By Sandhya Raman
WASHINGTON — Advocates are preparing for a legal battle after Alabama passed the strictest abortion bill in the country late Tuesday, part of a growing national push by abortion opponents to test whether the courts will curb constitutional protections for the procedure.
Alabama's move, which would essentially ban abortion in most cases, could open the door to restrictions in other states — even though they will all likely be challenged in court. Other states are already pursuing and defending laws to ban abortion after six weeks of pregnancy.
"This is not just about Alabama. We are seeing these extreme bills being introduced across the country," said Planned Parenthood President Leana Wen in a call with reporters Wednesday. "These extreme bans banning abortions at six weeks or earlier, before women even know we're pregnant, is happening in 16 states."
Alabama's bill, which Wen called the most extreme abortion ban since the landmark Roe v. Wade case guaranteed a national right to abortion in 1973, would go farther than the approach taken in many other red states.
The legislation would ban abortion at any stage of pregnancy, unless needed to save the life of the woman, and has no exceptions for rape or incest. Abortion providers who violate these terms could be charged with a felony and punished for up to 99 years in prison.
"Doctors would be scared to provide needed medical treatment because we'd be worried that by doing what's needed for our patients we could go to prison for a lifetime," said Wen, who is also a trained emergency room physician.
Alabamians already face many barriers to abortion, including a 48-hour waiting period and mandated counseling. Half of the patients in Alabama and two other states served by Planned Parenthood Southeast travel over 100 miles to reach a clinic, said Staci Fox, who heads the group's advocacy arm.
The American Civil Liberties Union has already signaled it will challenge the Alabama bill in court if Republican Gov. Kay Ivey, who opposes abortion, signs it.
The ACLU and Planned Parenthood also filed suit Wednesday in the U.S. District Court for the Southern District of Ohio over Ohio's six-week abortion law.
This year, four states have already passed bans after six weeks of pregnancy, and Missouri is expected to pass its own ban by Friday when the legislative session ends. The state legislature there is considering an omnibus abortion bill that would combine a number of restrictions.
Elizabeth Watson, a staff attorney with the ACLU Reproductive Freedom Project, on a separate press call, called the Ohio bill part of the growing "concerted national effort to limit abortion."
"Let this be a warning to the anti-abortion politicians in Ohio and across the country: if you attack our right to abortion, we will always be here to defend it," said Watson.
Ohio legislators, whose previous Republican governor vetoed two versions of abortion bans after six weeks, moved quickly on approving restrictions under its new, more conservative governor Mike DeWine.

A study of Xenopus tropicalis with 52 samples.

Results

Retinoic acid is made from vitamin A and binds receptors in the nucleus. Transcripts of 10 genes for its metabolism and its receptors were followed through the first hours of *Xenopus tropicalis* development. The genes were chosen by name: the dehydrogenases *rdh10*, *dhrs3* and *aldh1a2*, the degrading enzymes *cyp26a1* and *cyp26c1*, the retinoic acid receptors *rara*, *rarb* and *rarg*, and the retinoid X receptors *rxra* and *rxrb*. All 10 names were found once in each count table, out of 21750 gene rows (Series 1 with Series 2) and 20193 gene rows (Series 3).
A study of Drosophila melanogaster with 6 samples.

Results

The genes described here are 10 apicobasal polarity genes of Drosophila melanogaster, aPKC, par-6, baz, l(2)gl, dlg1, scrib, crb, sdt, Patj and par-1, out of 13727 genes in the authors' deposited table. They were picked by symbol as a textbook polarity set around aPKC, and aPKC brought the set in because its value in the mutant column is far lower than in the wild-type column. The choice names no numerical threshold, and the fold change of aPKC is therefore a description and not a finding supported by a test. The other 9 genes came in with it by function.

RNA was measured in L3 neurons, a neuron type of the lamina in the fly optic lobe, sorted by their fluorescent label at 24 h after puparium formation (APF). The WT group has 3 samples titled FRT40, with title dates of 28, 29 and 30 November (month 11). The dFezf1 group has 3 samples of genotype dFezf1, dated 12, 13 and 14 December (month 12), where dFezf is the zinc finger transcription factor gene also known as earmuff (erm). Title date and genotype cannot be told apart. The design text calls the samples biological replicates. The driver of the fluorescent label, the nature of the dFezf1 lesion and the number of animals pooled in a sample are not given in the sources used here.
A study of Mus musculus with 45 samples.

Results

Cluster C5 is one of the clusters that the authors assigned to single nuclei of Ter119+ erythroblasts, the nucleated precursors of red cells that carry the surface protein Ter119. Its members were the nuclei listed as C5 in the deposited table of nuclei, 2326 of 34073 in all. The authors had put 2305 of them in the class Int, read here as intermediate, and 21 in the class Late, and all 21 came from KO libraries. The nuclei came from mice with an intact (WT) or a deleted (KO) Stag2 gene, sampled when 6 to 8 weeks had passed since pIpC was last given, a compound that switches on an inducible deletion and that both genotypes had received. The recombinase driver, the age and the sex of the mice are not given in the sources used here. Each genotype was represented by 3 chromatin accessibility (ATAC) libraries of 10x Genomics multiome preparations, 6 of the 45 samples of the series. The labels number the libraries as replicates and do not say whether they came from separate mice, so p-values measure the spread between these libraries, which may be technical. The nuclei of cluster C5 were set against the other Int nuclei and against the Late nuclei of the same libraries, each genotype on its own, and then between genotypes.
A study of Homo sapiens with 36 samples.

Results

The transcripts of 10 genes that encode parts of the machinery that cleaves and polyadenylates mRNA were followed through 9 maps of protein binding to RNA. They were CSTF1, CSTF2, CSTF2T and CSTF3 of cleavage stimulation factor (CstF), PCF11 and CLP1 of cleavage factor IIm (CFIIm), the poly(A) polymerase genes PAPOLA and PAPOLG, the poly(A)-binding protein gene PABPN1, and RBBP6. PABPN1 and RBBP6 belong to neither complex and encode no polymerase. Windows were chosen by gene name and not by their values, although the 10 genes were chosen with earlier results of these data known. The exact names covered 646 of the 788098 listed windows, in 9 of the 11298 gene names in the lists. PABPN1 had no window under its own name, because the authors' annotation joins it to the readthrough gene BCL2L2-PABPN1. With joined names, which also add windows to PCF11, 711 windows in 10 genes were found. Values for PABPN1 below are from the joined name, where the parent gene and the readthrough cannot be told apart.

Restrictions on funding for abortion in public programs are common, but the legislature is currently considering a bill that would ban even private insurance coverage of abortion — which, if passed, could pave a steeper path for women seeking the procedure in Ohio.
Doctors and advocacy groups criticized the bill last week for including language that would require the re-implantation of ectopic pregnancies that occur when a fertilized egg is attached outside of the uterus — which is not a medically recognized procedure.
"What was considered too extreme for state politicians just a few years ago is becoming law in a few states," said Wen.
Anti-abortion groups see an opening for further policies like Alabama's bill and are ready to fight in the courts with the goal of winning a Supreme Court ruling overturning Roe v. Wade.
The Supreme Court on Monday overturned, 5-4, an unrelated 40-year-old precedent over the ability of individuals to sue a state in another state court, which could hint that the high court is more open to reviewing rulings decided decades ago like Roe.
Susan B. Anthony List is among the many anti-abortion groups hoping for a challenge to rise to the Supreme Court. The group pushed for the confirmation of Justice Brett Kavanaugh last year after swing vote Justice Anthony Kennedy announced his retirement.
"It is clearer than ever that Roe is far from being settled law in the eyes and hearts of the American people, and this is increasingly reflected in state legislatures. The American people want a fresh debate and a new direction, achieved by consensus and built on love for both mothers and babies," said SBA List's Marjorie Dannenfelser in a statement. "The time is coming for the Supreme Court to let that debate go forward."
Catherine Glenn Foster, the president and CEO of American United for Life, a legal advocacy group that opposes abortion, said Alabama has "created the opportunity to implement new, comprehensive policies to ensure the most life-affirming outcomes for both the mother and the child throughout life."
Next week, U.S. District Judge Carlton W. Reeves for the U.S. District Court for the Southern District of Mississippi will hear oral arguments in a hearing over whether to grant a preliminary injunction over the state's six-week abortion ban.
The Center for Reproductive Rights filed suit on behalf of the state's only abortion provider — Jackson Women's Health Organization — after the legislation was enacted in March. The ban is slated to take effect in July.